Kingsmills inquest: Robert was terrified and calling for his mum, then they shot him in the face
Kingsmills inquest day 3: Only survivor tells how killers gunned down teen
The sole survivor of the Kingsmills massacre has recalled how he saw a young apprentice crying for his mother moments before he was shot dead.
Robert Chambers was just 18 when he was murdered on a roadside in south Armagh along with nine of his colleagues in January 1976.
Alan Black, who survived despite being shot 18 times, gave an eyewitness account of the atrocity to a Belfast inquest.
Mr Black was a fitter at Glenanne Mill at the time and Mr Chambers was his apprentice. He described how just hours before the shooting, he agreed to teach Mr Chambers how to drive.
"Robert was a lovely lad - he had fallen in love with this girl Wendy," Mr Black said.
"He asked me to teach him to drive. I eventually agreed, but said, 'Only at the weekends'. He gave me a big hug and danced around the field, and that's my last (good) memory of him.
"Just a few hours later, he was lying across my legs and crying out for his mother. A gunman then walked over and shot him in the face."
The workers were around halfway to Bessbrook in Co Armagh when they were pulled over by what they assumed was a routine Army checkpoint.
Mr Black said that just before they were stopped, they noticed how slow the car in front of them was moving.
"I think it was (deliberate) - there was absolutely no reason for it to go at that speed," Mr Black told the inquest.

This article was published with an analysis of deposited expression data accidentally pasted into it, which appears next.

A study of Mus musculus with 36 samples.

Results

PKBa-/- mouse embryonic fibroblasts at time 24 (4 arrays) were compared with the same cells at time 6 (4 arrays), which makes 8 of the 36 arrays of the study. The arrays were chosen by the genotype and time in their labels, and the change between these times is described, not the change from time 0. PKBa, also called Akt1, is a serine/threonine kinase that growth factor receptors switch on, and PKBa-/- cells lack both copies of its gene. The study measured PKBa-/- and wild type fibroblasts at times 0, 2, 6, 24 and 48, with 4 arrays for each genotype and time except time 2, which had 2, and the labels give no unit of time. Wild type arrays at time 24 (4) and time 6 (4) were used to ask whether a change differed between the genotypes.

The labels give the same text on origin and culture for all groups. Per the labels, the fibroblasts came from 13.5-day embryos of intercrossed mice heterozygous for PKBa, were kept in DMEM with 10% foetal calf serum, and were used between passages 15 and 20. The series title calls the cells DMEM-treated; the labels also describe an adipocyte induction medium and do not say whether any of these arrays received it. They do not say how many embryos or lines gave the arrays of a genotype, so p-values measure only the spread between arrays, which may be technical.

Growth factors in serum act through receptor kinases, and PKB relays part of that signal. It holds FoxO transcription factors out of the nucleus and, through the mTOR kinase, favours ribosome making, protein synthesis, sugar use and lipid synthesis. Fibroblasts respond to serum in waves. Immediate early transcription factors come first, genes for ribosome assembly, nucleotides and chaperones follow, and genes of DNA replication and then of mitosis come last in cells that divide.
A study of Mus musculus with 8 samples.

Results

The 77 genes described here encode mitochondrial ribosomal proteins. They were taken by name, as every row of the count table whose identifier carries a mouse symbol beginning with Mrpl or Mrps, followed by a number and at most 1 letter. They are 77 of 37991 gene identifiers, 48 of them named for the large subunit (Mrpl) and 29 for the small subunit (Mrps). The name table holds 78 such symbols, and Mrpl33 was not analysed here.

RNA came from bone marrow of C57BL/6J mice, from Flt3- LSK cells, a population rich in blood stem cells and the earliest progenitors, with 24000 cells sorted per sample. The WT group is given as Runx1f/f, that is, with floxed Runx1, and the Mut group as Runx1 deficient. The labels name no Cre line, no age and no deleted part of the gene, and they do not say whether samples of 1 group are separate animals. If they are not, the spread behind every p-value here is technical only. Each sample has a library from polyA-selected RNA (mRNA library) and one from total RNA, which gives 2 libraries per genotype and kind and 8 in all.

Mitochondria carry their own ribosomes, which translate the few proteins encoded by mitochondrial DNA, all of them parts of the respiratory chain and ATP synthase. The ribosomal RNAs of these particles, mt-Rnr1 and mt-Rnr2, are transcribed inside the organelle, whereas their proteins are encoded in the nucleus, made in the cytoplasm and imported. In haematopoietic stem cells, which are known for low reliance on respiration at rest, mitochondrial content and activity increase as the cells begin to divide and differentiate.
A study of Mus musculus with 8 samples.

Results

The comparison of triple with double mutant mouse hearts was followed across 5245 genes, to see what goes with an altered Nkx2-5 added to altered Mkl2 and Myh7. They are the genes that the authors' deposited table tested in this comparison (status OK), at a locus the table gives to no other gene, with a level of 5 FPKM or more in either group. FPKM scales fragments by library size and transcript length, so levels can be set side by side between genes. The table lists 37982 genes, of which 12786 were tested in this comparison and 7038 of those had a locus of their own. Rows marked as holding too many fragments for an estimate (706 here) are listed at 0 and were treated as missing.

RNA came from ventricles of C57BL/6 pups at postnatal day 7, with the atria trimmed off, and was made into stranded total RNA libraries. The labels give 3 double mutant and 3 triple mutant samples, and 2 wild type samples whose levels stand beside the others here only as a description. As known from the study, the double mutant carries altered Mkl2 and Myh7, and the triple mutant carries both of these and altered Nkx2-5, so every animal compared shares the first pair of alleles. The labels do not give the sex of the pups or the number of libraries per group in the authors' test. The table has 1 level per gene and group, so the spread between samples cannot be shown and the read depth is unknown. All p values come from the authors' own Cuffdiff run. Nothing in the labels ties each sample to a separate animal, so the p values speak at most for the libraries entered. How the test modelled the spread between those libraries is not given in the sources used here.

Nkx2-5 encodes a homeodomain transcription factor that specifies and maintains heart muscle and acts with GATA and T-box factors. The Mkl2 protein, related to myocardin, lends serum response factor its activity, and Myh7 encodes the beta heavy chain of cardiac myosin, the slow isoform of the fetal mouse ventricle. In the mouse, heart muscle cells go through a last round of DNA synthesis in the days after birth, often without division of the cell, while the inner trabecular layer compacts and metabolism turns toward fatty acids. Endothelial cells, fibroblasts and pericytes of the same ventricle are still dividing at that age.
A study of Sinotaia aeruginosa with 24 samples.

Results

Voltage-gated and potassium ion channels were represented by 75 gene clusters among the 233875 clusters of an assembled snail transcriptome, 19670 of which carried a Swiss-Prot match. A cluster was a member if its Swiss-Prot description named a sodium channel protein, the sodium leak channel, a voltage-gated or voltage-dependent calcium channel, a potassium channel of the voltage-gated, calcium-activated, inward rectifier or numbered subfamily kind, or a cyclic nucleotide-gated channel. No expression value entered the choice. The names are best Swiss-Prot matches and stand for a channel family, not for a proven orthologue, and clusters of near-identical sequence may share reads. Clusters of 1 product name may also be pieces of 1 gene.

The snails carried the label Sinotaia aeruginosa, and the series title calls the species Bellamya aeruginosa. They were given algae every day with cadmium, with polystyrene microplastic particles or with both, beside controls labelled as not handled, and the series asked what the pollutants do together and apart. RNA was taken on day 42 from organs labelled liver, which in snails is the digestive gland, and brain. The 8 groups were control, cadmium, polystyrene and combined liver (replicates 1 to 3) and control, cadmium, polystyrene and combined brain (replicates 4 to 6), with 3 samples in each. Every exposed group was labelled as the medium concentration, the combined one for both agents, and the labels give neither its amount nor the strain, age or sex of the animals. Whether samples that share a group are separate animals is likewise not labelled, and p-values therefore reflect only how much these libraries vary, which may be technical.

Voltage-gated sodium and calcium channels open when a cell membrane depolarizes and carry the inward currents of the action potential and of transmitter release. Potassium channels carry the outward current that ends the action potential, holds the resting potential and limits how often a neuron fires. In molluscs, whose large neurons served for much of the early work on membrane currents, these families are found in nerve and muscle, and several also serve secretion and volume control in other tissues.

"I think that car was put on the road to slow the minibus up so it could stop for the gunmen."
Driver Robert Walker pulled in after seeing a red torch ahead and instinctively started searching for his driving licence.
Mr Black said the man who stopped the vehicle had an upper-class English accent, was around 5ft 8ins, squat, well-built and with a "cocky attitude".
"This guy didn't want to see a licence," he added. "He just said 'lights out, everybody out'. He seemed angry and kept repeating 'out, out, out'".
Alan saw three men approach the minibus from one side of the road, and up to nine men emerge from the other side. All of them had their faces blackened, were wearing combat gear and carrying rifles.
The workmen were ordered to line up alongside the bus, then ordered to "tighten up". Afterwards, the only Catholic in the group, Richard Hughes, was ordered to move away from the line and run off.
The gunfire, which Mr Black described as an "unbelievable noise", then started.
"They shot everyone waist-height so no one could run," he told the inquest.
"I fell between the bus and a ditch. The gunmen knew no one was dead, so to finish them the shooting became measured. The noise was completely different - single shots, rather than a volley.
"A bullet (grazed) my head but missed my skull. The pain was unimaginable. I dipped my head in a stream because I felt so hot."
When they were finished murdering the workmen, the killers simply walked away.
"That made it all the more sinister after what they had just done," Mr Black said.
The sole survivor of the atrocity also disclosed how he was convinced he was going to die.
He recalled a nurse in Daisy Hill Hospital saying, "Oh no," when they cut his clothes off and saw his gunshot wounds.
Despite suffering serious injuries, Mr Black gave a statement to police a short time after the shooting because he was determined to let people know what had happened.
Speaking outside court, Mr Black said he was nervous but determined to give evidence.
"I'm doing this for the boys that died 40 years ago and their families," he added.
"I find it difficult to talk about what happened. I still see the boys' faces every day, but I want to do this."
The inquest, which is scheduled to last for six weeks, was adjourned until Tuesday.